LED vs LCD Screens Explained

LED vs LCD Screens Explained

The TV viewing experience today has become even more exciting with the launching of several television models and features. LED and LCD TVs are the two best options you can choose. But if you’re still wondering which of these two is perfect for your needs, this guide could be of help.

In this guide, we’ll walk you through the differences, features, and usage of these two types so that you’ll know what LED transparent screens and TV size to buy.

A Quick Look at the Origins of LCD and LED


It was the studies of H.J. Round on electroluminescence in 1907 that paved the way of the discoveries and innovations related to LED. And in 1927, Oleg Losev created the first LED. It was George Destriau who discovered that electroluminescence could be generated by suspending an insulator containing zinc sulphide. Since then, countless experiments had been made until Monsanto mass-produced LEDs in 1968 for the first time.



The origins of LCD can be traced back to the studies of Friedrich Reinitzer in 1988 about liquid crystals present in cholesterol extracts of carrots. In 1962, Richard Williams, an RCA researcher, applied voltage to thin layers of liquid crystals, which made it possible to control the light reflections on the crystals electronically. James Fergason invented the improved version of this tech in 1969 and used this tech in watches.

LED and LCD Features Comparison Chart

Check out the comparison chart below for the key differences between LCD and LED TV.




Acronym Meaning Light Emitting Diode Liquid Crystal Display
Types LED TVs also come in 3 types based on how their backlighting mechanisms are made:

a.    Full-array LED

b.    Edge-LED

c.    Dynamic RGB

LCD TVs come in 3 types:

a.    Rear Projection LCD

b.    Flat screen

c.    Front Projection

Power Consumption Unlike traditional TVs made with cathode fluorescent lamps (CCFL), the LED TV is well-loved for its energy-efficiency. Users can expect a 20 to 30% power savings with this product. Power consumption depends on the screen size. A 30-inch LCD TV uses 60 watts, while a 50-inch screen uses 150 watts.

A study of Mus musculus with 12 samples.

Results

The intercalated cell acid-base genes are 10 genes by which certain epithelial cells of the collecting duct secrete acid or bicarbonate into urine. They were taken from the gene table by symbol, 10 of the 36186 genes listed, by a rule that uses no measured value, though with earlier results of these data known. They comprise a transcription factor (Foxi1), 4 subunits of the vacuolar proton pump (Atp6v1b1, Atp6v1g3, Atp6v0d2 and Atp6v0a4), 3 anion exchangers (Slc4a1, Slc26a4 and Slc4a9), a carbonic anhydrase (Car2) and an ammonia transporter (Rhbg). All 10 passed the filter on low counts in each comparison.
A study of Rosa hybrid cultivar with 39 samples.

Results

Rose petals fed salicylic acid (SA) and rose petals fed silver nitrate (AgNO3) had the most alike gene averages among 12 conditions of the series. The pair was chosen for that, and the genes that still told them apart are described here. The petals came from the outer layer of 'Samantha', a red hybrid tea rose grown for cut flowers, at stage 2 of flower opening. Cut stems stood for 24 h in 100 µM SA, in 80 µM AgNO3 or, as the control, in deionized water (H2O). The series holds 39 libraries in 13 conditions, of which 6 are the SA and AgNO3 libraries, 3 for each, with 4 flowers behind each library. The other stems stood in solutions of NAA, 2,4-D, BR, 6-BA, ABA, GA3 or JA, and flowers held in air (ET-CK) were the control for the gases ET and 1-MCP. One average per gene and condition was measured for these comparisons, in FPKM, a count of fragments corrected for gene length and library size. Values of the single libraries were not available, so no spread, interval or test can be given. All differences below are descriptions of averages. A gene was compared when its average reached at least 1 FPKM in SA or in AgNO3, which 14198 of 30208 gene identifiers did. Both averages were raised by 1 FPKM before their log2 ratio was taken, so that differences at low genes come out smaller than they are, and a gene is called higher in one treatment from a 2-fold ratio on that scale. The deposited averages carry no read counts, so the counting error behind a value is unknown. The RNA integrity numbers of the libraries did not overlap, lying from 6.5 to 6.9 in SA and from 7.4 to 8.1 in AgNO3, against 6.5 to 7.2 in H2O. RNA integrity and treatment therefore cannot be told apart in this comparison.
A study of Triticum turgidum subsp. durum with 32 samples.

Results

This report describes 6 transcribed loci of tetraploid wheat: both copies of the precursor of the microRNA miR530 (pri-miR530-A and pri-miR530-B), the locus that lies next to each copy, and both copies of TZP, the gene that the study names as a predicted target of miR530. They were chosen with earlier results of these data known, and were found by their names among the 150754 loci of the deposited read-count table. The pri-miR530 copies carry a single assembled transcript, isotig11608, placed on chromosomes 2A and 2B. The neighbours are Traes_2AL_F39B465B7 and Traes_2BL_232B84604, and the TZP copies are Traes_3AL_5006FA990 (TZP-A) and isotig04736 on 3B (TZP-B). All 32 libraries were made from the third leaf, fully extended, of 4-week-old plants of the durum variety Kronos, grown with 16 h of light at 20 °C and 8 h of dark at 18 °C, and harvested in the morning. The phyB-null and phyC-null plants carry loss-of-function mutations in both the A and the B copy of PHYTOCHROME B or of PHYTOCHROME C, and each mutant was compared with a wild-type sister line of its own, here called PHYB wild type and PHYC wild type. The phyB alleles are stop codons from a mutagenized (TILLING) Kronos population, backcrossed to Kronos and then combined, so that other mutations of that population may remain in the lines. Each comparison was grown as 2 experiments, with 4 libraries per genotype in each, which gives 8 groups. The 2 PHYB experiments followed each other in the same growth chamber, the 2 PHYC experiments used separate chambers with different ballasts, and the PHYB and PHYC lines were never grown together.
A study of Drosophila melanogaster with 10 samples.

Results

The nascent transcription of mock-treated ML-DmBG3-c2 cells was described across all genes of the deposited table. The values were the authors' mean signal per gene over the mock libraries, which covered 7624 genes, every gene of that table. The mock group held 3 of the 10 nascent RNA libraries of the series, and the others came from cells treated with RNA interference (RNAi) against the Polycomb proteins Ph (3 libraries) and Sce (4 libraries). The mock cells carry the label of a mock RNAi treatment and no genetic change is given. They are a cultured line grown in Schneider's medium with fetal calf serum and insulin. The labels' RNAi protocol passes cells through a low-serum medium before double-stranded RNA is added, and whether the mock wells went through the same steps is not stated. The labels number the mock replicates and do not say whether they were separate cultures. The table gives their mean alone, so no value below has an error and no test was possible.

Screen Size Up to 90 inches 13 to 57 inches
Life Span Approximately 100,000 hours Approximately 100,000 hours
Thickness LCD TVs with LED edge backlit are thinner than CCFL LCD TV by 1 inch. At least 1 inch
Picture Quality The same kind of screen is used for LCD and LED. Hence, the difference in picture quality depends on whether the model uses a low-end or high-end screen.
Backlighting Available for both TV types
Switching Time Fast Low
Resolution High Low
Contrast Ration Low High
Usage Both technologies could be used for viewing traditional television channels and display advertisements.


Before you hit the store to buy either an LCD or LED TV, be sure to list down all the features you want, as well as your preferred screen size and usage. Then, set a budget. Remember, the cost of both TV types depends on these aspects.

A Closer Look at the Screen Technology

Although these two technologies have a lot of differences, LED and LCD TV screens are quite similar.

A Quick Look at the Origins of LCD and LED

LED Screen

An LED screen is just another type of LCD screen. The only difference is it has light-emitting diodes or LED for its backlight, instead of CCFL components. It comes with a panel that consists of two sheets. The sheets are made of polarising materials, which display light based on how the liquid crystals are manipulated electronically. The LED transparent screens have three pixels – red, blue, and green. And these three pixels account for the screen’s colour quality.


LCD Screen

Meanwhile, an LCD screen is made either with LED backlight or the traditional CCFL. An LCD screen is made of liquid crystals, which could render either a full-colour or monochrome display. Also, it comes with a light diffuser to spread the light evenly on the scream for colour uniformity.


Screens with LED are touted as more energy-efficient than their CCFL counterparts. It’s also thinner and renders better graphics and colour quality.


LCD and LED transparent screens might be what you need to enhance your TV viewing at home with family and friends. Now that you know the differences between these two types, you’ll be able to decide which TV to buy to ensure your needs are met.